Art cars, large and small, arrive at Nave for parade, exhibit
May 13, 2013 at 12:13 a.m.
Updated May 14, 2013 at 12:14 a.m.
Victoria drivers may see more than just cars and trucks Saturday on area streets.
Elaborately designed art cars, hydraulic lowriders and personalized bicycles will participate in the Victoria Art Car Parade hosted by The Nave Museum.
"It's so fantastic to see the variety of how people express themselves with the cars," said Amy Leissner, the museum's executive director, of the parade. "I love being able to pull in the lowrider vehicles from Corpus Christi and from here in Victoria because they take just as much pride and artistry in their vehicles as an art car. I love that combination of bringing them together."
This will be the fourth year to host an event for the art cars and the second year to host a parade of arts through downtown.
More than 50 cars will be in the parade that ends at the Nave. The cars will rally outside the museum, where people can take a closer look at the detail and skill the artists and car owners have put into their rides.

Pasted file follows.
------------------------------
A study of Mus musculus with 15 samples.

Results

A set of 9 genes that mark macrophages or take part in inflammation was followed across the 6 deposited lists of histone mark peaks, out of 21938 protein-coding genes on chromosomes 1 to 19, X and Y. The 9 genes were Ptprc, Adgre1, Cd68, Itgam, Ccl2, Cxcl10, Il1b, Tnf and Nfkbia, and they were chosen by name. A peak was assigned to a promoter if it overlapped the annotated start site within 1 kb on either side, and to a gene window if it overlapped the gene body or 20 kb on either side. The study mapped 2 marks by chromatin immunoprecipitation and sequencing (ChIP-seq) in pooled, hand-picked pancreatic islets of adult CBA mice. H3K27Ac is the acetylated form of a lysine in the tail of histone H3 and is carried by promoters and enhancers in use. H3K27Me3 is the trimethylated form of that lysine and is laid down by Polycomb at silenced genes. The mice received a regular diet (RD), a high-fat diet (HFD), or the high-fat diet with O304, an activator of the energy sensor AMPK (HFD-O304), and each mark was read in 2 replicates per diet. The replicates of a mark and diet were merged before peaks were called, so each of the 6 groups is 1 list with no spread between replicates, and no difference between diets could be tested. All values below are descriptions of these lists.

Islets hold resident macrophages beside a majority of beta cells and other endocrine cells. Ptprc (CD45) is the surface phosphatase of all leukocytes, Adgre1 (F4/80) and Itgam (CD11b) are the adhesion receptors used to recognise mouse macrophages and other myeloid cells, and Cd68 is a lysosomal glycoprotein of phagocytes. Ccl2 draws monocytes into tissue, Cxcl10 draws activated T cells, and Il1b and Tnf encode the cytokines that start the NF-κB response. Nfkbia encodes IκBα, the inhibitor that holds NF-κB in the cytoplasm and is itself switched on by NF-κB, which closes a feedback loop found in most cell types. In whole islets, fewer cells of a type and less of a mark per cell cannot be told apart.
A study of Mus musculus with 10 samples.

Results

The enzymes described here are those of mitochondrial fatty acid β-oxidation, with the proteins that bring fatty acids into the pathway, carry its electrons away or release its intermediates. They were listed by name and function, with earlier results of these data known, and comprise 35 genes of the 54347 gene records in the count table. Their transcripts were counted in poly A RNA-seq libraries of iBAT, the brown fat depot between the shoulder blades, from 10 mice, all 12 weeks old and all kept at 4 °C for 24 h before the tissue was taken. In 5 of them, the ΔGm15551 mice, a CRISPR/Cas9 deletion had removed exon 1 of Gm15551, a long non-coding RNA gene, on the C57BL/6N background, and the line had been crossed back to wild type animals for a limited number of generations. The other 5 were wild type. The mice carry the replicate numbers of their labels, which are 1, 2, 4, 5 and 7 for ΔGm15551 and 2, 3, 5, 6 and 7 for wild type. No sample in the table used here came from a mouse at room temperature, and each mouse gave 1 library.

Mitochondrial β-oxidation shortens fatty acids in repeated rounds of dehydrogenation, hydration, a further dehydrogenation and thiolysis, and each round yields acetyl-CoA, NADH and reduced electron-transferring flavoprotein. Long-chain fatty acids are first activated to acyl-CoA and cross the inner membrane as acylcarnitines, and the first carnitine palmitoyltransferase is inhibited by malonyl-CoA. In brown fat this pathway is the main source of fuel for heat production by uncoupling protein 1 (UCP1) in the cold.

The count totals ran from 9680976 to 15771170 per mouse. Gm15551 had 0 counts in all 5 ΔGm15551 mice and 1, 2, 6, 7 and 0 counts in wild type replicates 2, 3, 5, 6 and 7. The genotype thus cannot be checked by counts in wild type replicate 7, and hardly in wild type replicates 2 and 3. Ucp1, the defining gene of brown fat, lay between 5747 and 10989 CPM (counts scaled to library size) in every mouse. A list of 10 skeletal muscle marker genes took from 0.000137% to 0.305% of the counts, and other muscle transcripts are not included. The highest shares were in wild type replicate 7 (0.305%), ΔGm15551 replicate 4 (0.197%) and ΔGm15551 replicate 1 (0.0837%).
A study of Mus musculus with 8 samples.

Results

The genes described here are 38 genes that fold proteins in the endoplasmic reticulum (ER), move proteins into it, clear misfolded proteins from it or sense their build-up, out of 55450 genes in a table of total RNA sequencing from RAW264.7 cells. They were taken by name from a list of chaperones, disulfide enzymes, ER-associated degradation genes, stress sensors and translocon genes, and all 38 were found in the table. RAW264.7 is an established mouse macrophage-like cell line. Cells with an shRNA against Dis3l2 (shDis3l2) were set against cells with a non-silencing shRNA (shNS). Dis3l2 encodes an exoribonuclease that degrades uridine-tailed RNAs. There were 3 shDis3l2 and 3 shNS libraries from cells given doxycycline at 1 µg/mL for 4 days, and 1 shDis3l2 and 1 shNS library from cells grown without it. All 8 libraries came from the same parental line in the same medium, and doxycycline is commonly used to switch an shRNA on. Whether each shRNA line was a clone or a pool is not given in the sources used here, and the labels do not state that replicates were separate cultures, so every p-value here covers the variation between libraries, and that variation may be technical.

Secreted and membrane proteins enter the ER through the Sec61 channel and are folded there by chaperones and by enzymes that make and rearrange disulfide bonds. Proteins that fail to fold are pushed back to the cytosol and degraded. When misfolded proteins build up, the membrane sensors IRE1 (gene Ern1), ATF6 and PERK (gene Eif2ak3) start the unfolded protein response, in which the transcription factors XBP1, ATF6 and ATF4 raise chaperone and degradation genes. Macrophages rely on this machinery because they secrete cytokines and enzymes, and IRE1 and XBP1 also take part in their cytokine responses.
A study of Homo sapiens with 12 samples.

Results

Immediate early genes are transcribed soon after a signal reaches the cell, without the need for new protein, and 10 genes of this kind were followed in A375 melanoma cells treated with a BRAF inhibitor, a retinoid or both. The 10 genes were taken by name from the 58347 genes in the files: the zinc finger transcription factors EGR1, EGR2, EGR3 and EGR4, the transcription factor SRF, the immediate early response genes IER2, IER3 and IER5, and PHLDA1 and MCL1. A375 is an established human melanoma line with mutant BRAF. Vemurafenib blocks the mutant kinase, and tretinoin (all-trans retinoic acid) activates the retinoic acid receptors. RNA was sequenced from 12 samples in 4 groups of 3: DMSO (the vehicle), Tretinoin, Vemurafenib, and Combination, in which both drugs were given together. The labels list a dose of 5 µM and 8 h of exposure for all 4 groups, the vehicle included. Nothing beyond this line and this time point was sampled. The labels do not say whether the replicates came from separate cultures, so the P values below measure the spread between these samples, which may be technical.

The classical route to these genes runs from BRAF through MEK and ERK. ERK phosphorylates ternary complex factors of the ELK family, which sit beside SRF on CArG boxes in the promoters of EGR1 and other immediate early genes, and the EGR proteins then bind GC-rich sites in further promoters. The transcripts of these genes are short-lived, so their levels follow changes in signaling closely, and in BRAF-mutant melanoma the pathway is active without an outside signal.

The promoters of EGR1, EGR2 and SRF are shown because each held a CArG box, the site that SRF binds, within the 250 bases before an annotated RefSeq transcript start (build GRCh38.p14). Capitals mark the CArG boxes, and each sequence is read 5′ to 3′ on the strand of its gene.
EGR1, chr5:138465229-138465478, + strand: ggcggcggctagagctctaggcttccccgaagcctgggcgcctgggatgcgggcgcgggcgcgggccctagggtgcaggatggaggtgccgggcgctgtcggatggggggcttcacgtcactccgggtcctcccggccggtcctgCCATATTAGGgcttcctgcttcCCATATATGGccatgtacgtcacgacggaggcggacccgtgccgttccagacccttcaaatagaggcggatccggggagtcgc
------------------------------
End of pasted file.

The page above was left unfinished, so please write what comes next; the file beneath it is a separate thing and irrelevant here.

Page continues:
Inside the Nave, Carter Ernst's exhibit, "Fur Bitten," will be open to the public and free for the day. Her nature-inspired artwork will cover the walls, and sculptures will stand tall among the crowds of art lovers.
"It's a fascinating combination of surreal and whimsy," Leissner said of Ernst's work. "She has a lot of sly humor in her work, and it's very fun and colorful."
Ernst marries natural forms with found objects, including fake fur and man-made fabrics to create her life-size sculptures, Leissner said.
As with any art form, the new exhibit will be subject to each individual's interpretation, and Leissner said children will be the most interested in the sculptures.
The Carter Ernst exhibit will be up until June 23 along with children's art from the Manhattan Art Program.
Maura Sheehan, executive director of the program, is thrilled to show off the art car sculptures designed and created by children who participate at the Pine Street Community Center program. The goal is to bring art to area youngsters who have not experienced a lot of art in their schools, Sheehan said.
The students worked hard to create art cars with the idea of mobility in mind, and the results were "wildly imaginative."
"The commitment of these youngsters is really evident," she said. "They got really involved in the idea of animals as cars. There are cars that are rhinoceros-like, dinosaur cars, elephant cars, a kitty-cat car and a fish car."
She said she is always excited to see the reactions of the kids when they see their artwork on display at a museum.
"Once they see it in the case, in the museum, it changes everything," she said. "They turn pink with pride, and they just want to stand by it so that everyone will know that this (piece) is theirs."